Dancer and choreographer Chuck Davis, who founded the largest African dance festival, DanceAfrica, and performance company African American Dance Ensemble, died Sunday at his home in Durham, North Carolina. He was 80. Known for his benevolent spirit and powerful presence, he was committed to keeping the roots of African dance alive, as well as fusing together the older traditions with contemporary choreography. In 2004 he was honored with a Dance Magazine Award, and he won a Bessie Award in 2014 for outstanding service to the field of dance.
Davis, who stood a towering 6'5", studied at Howard University and later in New York with modern dance legends Martha Graham, Katherine Dunham, Alvin Ailey, José Limón and Arthur Mitchell. In the late 1960s, he formed the Chuck Davis Dance Company. In 2001 The Washington Post noted that Davis' "vast knowledge of dance and music from the African continent has helped make African dance a part of the American cultural landscape."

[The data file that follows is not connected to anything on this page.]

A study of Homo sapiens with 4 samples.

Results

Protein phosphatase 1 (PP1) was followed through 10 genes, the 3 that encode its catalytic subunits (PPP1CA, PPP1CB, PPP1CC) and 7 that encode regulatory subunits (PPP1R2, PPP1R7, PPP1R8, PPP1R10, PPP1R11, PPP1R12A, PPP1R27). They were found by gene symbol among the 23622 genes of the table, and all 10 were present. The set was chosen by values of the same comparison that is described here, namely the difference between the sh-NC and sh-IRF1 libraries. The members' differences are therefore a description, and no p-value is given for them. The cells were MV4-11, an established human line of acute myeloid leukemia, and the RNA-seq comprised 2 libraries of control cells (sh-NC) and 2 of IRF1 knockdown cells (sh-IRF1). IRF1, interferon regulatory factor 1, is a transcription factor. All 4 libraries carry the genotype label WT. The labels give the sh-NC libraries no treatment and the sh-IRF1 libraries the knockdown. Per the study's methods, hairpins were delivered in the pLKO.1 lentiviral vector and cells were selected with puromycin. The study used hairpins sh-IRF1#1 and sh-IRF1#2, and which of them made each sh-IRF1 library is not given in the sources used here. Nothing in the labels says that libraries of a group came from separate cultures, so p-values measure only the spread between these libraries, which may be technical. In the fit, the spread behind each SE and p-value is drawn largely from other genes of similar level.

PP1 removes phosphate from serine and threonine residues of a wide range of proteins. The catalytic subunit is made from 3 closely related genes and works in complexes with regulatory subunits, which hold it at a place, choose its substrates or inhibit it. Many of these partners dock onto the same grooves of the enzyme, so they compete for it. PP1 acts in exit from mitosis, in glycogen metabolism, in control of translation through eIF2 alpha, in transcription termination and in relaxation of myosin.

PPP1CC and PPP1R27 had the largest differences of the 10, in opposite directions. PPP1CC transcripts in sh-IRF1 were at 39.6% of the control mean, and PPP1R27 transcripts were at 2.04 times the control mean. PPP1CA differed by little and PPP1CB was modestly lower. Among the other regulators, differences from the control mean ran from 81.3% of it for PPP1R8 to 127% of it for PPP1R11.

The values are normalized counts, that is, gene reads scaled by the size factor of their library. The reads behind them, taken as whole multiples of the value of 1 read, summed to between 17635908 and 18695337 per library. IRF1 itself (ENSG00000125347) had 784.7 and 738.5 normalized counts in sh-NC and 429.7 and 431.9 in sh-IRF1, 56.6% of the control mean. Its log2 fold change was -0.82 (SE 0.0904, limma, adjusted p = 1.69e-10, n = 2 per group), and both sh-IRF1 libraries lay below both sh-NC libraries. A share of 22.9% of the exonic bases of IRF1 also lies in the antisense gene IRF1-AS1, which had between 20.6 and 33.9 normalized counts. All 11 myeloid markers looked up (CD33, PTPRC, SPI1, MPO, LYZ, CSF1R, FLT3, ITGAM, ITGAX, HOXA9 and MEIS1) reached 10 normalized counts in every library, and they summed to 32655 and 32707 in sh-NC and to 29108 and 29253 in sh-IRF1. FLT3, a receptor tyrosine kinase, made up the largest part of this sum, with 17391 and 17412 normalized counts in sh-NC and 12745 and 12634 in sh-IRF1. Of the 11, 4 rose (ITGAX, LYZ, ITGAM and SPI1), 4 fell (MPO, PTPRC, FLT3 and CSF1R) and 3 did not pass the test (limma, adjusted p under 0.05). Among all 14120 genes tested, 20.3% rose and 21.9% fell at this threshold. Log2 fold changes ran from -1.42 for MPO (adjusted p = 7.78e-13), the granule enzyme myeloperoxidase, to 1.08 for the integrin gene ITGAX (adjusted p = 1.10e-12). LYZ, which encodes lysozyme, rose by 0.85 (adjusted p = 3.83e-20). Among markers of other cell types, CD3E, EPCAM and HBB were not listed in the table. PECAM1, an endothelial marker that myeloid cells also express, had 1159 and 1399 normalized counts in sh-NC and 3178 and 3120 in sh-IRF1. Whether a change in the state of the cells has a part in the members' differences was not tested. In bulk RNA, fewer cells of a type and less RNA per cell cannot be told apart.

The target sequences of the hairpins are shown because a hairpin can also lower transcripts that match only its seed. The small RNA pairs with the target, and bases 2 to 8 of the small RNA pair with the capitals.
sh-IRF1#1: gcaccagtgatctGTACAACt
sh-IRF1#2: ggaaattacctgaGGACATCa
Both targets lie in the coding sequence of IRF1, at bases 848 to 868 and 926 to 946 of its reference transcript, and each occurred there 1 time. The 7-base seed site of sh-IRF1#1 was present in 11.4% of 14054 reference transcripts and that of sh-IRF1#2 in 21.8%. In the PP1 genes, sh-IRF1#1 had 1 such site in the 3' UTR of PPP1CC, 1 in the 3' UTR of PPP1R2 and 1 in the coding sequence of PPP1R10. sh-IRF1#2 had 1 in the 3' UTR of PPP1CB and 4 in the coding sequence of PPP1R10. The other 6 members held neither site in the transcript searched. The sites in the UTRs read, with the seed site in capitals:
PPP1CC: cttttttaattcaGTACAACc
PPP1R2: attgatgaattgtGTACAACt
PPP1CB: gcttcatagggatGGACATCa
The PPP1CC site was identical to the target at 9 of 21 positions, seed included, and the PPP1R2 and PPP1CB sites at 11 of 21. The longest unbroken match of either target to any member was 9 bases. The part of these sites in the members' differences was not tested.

Sandra Burton, a member of Chuck Davis Dance Company in the 1980s and now director of dance at Williams College, speaks of the influence Davis had on her and his undying legacy:
"I'm continuing to do the work that I learned how to do as a member of Chuck's company. I am someone he continued to mentor until he closed his eyes on Sunday [May 14]. Nurturing other human beings no matter who they are and allowing them the space and time to connect to themselves and other people in a deeper, joyous way. That is part of what I got from him. Once you have that, you can ask questions, you can have doubt, and dig deeper into not only yourself but into other people, but have love. He was very fierce about things that he believed in. Those of us who are teaching, as well as dancing and drumming and acting and doing whatever we do, those of us who were mentored by him—and there are a lot of us—that legacy lives strongly on in the work we strive to do. I wouldn't be here at Williams if it weren't for Chuck."
Watch below a clip of Woman's Dance—choreographed by Chuck Davis in 1969 and inspired by ritual celebration of female empowerment—performed by members of Williams College's Kusika company, founded by Burton.